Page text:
Plastic and Reconstructive Surgery
The Plastic Surgery department at the Swiss Paraplegic Centre (SPC) cares for complex wounds using a range of surgical procedures. Performing over 300 operations per year, it is Switzerland’s largest centre of excellence in this field.
Plastic and reconstructive surgery as a specialism is primarily concerned with resolving soft tissue defects (skin, fatty tissue, muscle, and some bones) and problematic scars which may be caused by accidents, the removal of tumours, complications following surgery, or chronic wounds. Specific surgical techniques are used in this process, in order to restore lost function and form, and to reintegrate the patient into everyday life.
A complete or partial loss of sensitivity, and spending long periods of time seated in the wheelchair, puts patients with plegia at particular risk of developing pressure sores (also referred to as decubitus or bed sores). In this process, pressure from bodyweight results in the skin and underlying fatty tissue dying off at exposed points over protruding parts of bone. Muscles and bones may also be affected in advanced cases.
The following areas of the body are most frequently affected:
- The coccyx
- The ischium
- The trochanter
- The ankle
- The foot
As long as the skin is still at least partially intact, scar-free healing is possible provided that the relevant point is completely relieved of pressure, i.e. through bed rest and proper wound treatment. In the event of deeper, extended tissue deterioration, surgical measures are generally required in order to reconstruct the tissue defect. An initial step of cleaning the wound, i.e. removing dead tissue (also referred to as debridement), is often required. The defect can be covered if the wound is clean. In most cases, this is achieved using a tissue transfer. This involves relocating healthy tissue to the defect and stitching it in with the objective of making the soft tissue as stable as possible, and therefore enabling the patient to be re-mobilised in a wheelchair, and to return to normal activities.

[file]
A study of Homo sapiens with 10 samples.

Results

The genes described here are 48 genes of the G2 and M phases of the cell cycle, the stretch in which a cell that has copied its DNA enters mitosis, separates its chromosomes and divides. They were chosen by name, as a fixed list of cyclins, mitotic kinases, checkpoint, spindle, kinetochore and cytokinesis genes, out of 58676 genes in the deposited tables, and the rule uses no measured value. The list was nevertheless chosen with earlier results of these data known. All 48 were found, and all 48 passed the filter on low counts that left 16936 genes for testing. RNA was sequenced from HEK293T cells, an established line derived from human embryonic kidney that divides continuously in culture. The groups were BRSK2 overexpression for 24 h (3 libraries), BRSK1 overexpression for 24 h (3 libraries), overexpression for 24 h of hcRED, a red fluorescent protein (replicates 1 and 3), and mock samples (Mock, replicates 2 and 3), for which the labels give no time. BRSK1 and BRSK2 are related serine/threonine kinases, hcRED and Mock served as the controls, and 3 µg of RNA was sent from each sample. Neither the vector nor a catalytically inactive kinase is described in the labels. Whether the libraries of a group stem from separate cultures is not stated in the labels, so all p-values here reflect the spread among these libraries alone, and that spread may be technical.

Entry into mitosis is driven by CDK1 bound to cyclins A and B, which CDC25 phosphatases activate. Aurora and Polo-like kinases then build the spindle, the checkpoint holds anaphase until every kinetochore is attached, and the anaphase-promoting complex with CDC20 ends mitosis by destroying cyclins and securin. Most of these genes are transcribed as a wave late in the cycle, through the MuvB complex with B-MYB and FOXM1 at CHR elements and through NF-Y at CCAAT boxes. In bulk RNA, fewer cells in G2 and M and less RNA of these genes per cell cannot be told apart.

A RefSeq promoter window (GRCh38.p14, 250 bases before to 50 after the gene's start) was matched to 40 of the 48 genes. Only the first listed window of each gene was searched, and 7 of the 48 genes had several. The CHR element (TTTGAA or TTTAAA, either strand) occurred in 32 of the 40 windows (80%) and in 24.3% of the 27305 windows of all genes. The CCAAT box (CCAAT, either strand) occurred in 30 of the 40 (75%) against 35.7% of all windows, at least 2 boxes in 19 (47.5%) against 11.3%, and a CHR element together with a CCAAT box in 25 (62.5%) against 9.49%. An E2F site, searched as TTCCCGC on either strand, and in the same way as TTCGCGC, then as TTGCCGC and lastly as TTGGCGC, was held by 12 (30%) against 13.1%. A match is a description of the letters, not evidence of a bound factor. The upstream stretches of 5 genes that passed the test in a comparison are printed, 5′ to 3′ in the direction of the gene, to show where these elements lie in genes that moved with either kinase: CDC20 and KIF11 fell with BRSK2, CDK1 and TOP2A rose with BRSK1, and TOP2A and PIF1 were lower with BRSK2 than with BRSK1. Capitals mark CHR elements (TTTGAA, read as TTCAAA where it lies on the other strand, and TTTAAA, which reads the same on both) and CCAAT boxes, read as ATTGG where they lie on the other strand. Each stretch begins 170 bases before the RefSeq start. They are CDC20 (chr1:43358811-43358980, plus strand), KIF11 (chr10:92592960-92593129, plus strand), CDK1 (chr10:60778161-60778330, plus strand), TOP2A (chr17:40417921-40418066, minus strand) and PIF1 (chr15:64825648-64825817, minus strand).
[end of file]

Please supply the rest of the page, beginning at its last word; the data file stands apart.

In parallel with surgical treatment, it is necessary to identify what caused the pressure sore, and to remedy that using appropriate measures such as seat adjustment, in order to prevent the pressure sore forming again.
Pressure sore prevention
Because it is recurring strain, primarily in the seat and sacrum area, which often results in thinning of the skin and fatty tissue, and because previous surgery can cause scarring, it is possible to try to prevent a pressure sore forming. A fatty tissue transplant can be used to pad soft tissue and improve the quality of the skin. However, this is not a suitable substitute for regularly reducing pressure and implementing other preventive measures; it only serves to improve the tissue situation on a localised basis.